The Deliberate Stranger (1986)   2 comments


bundybeach

“Want to try my candy handcuffs?”

THE DELIBERATE STRANGER, a made-for-television movie aired, in two parts, in 1986.  Mark Harmon plays Bundy as a smart sociopath who knows the right things to say, but has none of the real feelings behind them.  The film begins right before Bundy’s move from Washington to Utah to attend law school.  Similarities in the disappearances of several young women convince police to look for one perpetrator.  Since these murders happened in the 1970s, before national criminal databases existed, police in different jurisdictions have no idea that their neighbors might be dealing with the same criminal.  This lack of communication helps Bundy and he’s able to kill women all over several western states without notice.  Detectives in Washington, played wonderfully by Frederic Forrest, John Ashton, and M. Emmet Walsh start hearing about other, similar crimes in Utah and Colorado and soon those departments are sharing information.  Well, most share.  Some think their missing women are unrelated which makes the process move more slowly.  Bundy disposed of his victims in wooded areas as well so it could take years to find them.

found

“She had more hair in the photos.”

I’ve always liked this film.  It’s told as a police procedural and I love those.  You get to learn what detectives were thinking at the time of the murders.  For instance, the term deliberate stranger implies a criminal who has never met his victim, but chooses her just the same.  Bundy often stalked his prey for weeks until he found an opportunity to strike.  It seemed to many victims’ friends and family that their loved one simply vanished.  One minute they saw her, then she walked out of sight and was never heard from again.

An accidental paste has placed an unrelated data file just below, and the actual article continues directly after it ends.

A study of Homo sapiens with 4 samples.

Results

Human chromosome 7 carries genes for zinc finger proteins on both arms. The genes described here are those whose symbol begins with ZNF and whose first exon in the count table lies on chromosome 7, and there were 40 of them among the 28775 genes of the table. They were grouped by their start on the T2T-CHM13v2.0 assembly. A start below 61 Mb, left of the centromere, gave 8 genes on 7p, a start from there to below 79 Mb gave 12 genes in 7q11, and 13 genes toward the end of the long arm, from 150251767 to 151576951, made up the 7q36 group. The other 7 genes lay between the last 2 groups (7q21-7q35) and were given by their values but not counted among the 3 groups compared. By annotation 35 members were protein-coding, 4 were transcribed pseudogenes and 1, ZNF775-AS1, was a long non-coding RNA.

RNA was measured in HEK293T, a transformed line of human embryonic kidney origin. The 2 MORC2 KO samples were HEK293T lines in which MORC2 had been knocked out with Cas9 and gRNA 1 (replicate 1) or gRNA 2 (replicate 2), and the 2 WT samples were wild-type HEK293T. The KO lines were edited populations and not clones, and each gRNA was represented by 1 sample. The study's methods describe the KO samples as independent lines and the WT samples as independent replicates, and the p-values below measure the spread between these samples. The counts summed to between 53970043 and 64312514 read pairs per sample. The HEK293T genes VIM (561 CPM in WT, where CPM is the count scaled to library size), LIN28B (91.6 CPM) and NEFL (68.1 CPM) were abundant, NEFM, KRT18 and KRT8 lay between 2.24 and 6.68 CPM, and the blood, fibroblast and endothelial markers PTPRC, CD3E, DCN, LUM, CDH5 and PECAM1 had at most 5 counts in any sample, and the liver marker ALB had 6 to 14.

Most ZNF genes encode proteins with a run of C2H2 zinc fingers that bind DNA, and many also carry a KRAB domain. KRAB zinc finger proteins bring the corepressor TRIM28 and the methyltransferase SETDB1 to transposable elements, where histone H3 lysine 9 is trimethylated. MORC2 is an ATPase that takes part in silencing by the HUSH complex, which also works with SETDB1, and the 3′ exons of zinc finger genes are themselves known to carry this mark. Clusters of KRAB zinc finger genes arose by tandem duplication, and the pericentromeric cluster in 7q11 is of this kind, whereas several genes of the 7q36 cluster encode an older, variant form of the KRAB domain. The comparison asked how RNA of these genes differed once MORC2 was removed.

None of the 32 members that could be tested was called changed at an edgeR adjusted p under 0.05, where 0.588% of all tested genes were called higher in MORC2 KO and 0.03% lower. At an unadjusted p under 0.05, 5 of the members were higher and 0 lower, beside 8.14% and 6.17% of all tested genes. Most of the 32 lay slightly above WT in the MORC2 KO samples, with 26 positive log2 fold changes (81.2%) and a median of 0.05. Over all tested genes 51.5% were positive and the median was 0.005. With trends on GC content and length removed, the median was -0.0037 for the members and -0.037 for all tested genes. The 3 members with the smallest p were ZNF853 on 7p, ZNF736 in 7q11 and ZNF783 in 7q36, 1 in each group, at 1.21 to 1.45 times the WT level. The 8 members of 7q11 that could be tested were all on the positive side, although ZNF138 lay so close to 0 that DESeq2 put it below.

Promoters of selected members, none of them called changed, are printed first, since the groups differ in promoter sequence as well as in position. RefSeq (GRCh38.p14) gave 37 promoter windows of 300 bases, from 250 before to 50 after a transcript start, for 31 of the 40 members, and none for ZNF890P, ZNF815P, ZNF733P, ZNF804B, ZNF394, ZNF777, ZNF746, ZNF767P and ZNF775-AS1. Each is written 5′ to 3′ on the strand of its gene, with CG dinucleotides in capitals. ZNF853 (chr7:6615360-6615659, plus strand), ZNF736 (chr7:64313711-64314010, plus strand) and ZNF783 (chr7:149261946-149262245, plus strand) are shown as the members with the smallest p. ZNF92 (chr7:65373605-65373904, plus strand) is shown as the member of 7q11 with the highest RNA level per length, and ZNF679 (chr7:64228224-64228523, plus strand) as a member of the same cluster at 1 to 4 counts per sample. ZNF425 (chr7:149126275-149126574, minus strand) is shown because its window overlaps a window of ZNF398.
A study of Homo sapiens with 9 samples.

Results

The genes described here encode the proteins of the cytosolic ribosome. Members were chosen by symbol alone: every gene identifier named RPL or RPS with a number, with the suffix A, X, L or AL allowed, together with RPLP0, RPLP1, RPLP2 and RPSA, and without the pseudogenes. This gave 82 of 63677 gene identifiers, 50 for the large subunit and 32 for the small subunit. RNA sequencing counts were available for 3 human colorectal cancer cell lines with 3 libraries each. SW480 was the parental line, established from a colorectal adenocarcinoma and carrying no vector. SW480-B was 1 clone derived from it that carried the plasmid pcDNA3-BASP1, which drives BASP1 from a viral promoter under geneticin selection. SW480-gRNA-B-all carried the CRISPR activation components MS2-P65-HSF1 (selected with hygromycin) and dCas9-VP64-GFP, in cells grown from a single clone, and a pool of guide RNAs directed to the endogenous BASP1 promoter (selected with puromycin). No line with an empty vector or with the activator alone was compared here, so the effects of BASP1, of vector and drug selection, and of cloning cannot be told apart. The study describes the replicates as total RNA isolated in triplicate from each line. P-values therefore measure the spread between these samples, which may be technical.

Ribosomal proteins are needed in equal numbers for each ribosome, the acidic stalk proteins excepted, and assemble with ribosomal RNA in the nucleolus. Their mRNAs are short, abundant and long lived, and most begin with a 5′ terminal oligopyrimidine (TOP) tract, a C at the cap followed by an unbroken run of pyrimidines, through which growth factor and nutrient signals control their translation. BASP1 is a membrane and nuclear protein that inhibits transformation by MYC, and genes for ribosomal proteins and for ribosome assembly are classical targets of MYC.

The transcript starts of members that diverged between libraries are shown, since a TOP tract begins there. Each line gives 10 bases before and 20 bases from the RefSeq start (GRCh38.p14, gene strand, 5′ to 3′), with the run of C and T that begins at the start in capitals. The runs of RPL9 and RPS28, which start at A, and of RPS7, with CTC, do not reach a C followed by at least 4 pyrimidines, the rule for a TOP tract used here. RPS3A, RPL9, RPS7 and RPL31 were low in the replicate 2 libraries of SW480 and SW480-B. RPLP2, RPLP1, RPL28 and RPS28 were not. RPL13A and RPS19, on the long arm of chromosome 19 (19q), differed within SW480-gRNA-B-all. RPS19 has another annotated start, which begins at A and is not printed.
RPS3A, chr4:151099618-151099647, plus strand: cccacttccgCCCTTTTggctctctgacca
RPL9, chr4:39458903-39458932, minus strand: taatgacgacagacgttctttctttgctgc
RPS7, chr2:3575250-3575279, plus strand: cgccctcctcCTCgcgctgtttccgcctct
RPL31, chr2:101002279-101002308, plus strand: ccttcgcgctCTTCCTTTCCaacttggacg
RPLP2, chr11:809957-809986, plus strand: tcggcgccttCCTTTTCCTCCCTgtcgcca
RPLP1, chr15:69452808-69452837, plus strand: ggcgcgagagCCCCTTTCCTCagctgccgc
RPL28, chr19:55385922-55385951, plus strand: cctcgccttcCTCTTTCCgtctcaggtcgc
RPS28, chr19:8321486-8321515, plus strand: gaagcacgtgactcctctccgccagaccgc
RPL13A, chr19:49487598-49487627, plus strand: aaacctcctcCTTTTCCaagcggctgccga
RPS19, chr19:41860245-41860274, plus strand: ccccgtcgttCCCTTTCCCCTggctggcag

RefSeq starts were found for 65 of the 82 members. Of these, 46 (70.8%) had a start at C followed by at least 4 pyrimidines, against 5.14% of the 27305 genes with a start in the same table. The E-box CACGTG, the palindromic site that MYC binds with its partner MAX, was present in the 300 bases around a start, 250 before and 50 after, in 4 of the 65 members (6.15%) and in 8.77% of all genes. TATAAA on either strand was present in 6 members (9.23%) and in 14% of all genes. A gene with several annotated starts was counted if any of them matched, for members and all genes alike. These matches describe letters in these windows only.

bundybad

“Would you like to take a ride?  I have duct tape.”

George Grizzard plays Richard Larsen who later wrote Bundy: The Deliberate Stranger.  Larsen, a Seattle Times reporter,  knew Bundy in Washington before he was suspected in the murders.  Grizzard does a nice job showing his change of heart on Bundy.  At first, he’s a fan and supports Bundy.  After it becomes obvious that Bundy is the killer, Larsen tries to learn more about him and why he became such a sicko.  Then there are the women in Bundy’s life.  Glynnis O’Connor and Deborah Goodrich play women romantically involved with the killer.  O’Connor drops him when she realizes he’s murdered 30 women. Nice move, G!  Goodrich, not so much.  Her character might be modeled after Carole Ann Boone, who moved from Washington to Florida to be near Bundy and later married him in court.  Ahhh love.

notdead

“Not tonight, honey.  You’re not dead enough.”

Now, a word about Mark Harmon.  Yes, I know.  I remember SUMMER SCHOOL.  Trust me.  Harmon’s good.  He pulls it off. You see the wheels turning behind that handsome face.  Harmon was a sharp casting choice.  He has the looks and the chops.

jail

“Don’t forget the profile, Ed!”

Anyway, I realize THE DELIBERATE STRANGER isn’t a typical Halloween choice, but I can’t think of anything scarier than an attractive face that smiles at you while he plans your death.  Boo.

national-museum-of-crime & pun

Ted Bundy’s VW on display at the National Museum of Crime & Punishment in Washington, D.C.

haunty

 



    • I agree! Jaws is a horror/drama/action/buddy picture/comedy. Jaws also changes your oil and keeps your breath minty fresh. Yes! Henry was chilling. I’m more frightened of things that could actually happen too. Ghosts and goblins are fun, but serial killers are frightening.